Miracle Westhoughton brain tumour boy enjoys tractor treat
Buy this photo » RIDING HIGH Jacob Tudor with mum and dad David and Louise
JUST four years ago, an inoperable tumour the size of a tennis ball was squashing little Jacob Tudor’s brain.
He had lost the use of his legs, underwent chemotherapy and radiotherapy, and was sleeping 23 out of every 24 hours.
Eventually, doctors discharged the brave youngster, saying there was no more they could do for him.
But after what his parents are calling a miracle recovery, the tractor-mad 10-year-old from Westhoughton is able to walk a few steps, while his tumour is now dormant and has shrunk to the size of a marble.
And to cap off the St James’ CE School pupil’s remarkable recovery, he has been given his dream present of a ride around on a local farm on a full-size tractor.
Jacob’s mum Louise, aged 38, who was there with dad David, aged 42, to cheer him on, said: “He has loved his tractors from when he was a little boy and to see him sat in a full-sized one was amazing, his eyes just lit up.
The low point was in early 2009 when the tumour was squashing his brain and he had lost the use of his legs and had three operations just to help him survive at the Royal Manchester Children's Hospital in Pendlebury and the Christie Hospital in Manchester.
“He had both chemotherapy and radiotherapy and he was sleeping 23 out of every 24 hours, but eventually he was discharged with them saying there was no more that they could do for him.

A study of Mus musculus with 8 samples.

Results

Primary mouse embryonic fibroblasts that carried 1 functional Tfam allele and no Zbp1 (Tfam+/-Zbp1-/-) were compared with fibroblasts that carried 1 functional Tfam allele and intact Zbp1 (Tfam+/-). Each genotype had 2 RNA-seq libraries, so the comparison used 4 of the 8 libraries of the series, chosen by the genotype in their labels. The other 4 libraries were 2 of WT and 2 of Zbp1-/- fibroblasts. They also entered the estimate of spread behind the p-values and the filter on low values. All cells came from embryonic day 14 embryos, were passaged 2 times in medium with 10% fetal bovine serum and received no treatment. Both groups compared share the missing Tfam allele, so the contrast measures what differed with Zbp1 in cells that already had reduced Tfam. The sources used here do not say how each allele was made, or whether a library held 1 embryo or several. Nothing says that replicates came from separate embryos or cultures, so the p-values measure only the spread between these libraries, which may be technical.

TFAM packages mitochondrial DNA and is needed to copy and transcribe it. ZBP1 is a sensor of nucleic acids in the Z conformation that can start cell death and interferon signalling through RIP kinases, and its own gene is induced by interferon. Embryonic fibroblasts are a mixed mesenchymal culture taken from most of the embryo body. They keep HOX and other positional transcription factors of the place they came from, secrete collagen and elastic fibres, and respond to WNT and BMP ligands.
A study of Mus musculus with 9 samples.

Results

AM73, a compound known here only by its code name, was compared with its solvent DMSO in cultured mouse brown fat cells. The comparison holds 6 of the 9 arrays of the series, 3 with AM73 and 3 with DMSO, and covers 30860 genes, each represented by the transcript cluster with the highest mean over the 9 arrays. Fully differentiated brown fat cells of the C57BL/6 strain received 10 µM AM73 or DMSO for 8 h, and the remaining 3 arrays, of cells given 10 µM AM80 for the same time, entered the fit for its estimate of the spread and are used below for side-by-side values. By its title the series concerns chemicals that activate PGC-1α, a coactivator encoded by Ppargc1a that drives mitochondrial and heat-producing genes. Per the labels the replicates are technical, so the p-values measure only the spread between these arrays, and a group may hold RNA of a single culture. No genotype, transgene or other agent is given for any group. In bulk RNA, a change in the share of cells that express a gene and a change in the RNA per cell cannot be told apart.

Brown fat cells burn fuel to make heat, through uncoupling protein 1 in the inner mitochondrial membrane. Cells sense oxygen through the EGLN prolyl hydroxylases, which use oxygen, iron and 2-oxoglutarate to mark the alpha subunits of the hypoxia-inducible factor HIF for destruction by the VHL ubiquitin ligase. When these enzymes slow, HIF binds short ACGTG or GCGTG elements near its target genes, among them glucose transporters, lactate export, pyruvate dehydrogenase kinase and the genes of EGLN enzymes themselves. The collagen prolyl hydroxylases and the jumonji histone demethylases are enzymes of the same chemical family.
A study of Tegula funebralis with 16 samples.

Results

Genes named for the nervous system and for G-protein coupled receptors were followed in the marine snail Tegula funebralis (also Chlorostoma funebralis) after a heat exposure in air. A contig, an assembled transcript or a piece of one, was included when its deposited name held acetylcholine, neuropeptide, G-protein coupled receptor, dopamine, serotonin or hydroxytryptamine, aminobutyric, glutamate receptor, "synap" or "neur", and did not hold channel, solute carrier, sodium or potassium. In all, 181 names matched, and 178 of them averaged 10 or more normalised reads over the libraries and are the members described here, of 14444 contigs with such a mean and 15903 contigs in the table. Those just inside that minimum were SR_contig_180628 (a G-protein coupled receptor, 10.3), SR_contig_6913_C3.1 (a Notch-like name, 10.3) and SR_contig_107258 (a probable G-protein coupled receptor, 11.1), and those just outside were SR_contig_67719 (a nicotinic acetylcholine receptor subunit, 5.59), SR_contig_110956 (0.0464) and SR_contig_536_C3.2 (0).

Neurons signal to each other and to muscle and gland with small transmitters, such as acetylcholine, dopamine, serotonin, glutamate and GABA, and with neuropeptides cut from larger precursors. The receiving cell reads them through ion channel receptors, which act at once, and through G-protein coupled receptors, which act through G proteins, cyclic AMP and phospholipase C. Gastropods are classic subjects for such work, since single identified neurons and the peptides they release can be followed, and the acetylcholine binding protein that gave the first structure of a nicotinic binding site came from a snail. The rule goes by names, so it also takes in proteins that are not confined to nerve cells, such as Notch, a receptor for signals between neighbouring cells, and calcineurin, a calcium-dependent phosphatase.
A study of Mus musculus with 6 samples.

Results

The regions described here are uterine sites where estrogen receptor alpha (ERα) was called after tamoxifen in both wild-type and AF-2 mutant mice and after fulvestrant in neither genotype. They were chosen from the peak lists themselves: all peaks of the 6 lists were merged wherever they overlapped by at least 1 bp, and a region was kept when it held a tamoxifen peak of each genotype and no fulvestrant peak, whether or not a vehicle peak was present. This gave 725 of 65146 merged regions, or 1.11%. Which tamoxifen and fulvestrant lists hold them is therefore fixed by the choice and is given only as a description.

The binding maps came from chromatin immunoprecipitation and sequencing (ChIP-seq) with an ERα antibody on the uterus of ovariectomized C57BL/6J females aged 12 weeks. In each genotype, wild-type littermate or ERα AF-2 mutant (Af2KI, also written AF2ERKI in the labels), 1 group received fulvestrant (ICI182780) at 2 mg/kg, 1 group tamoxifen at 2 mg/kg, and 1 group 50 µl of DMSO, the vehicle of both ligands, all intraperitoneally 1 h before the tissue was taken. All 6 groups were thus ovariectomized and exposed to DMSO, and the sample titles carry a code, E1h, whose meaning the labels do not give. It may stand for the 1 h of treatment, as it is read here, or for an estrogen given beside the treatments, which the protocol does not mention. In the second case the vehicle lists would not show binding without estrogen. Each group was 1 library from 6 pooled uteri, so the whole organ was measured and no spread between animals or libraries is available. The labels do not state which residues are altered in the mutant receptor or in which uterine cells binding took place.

“It was basically let's see what happens.”
Over the past three years, since the treatment, the tumour has shrunk, and as a result, Jacob has been able to recover some of his faculties and is able to walk again.
And while the treatment has done lasting damage to some of his vital systems, including weakness in the left side of his body, he can now walk a few steps.
Mrs Tudor added: “He is still on palliative care but we consider it nothing short of a miracle that the tumour, which caused the problems in the first place is dormant.
“He has been doing so well this year and it's the first time since he was struck down by the tumour that we have been able to plan for his adulthood.”
Farmer Mark Lancaster said: “I have a little passenger seat and Jacob sat alongside me.
“He was so excited as well as a bit nervous but I drove him up and down the lane for a few minutes. He is an amazing little lad.”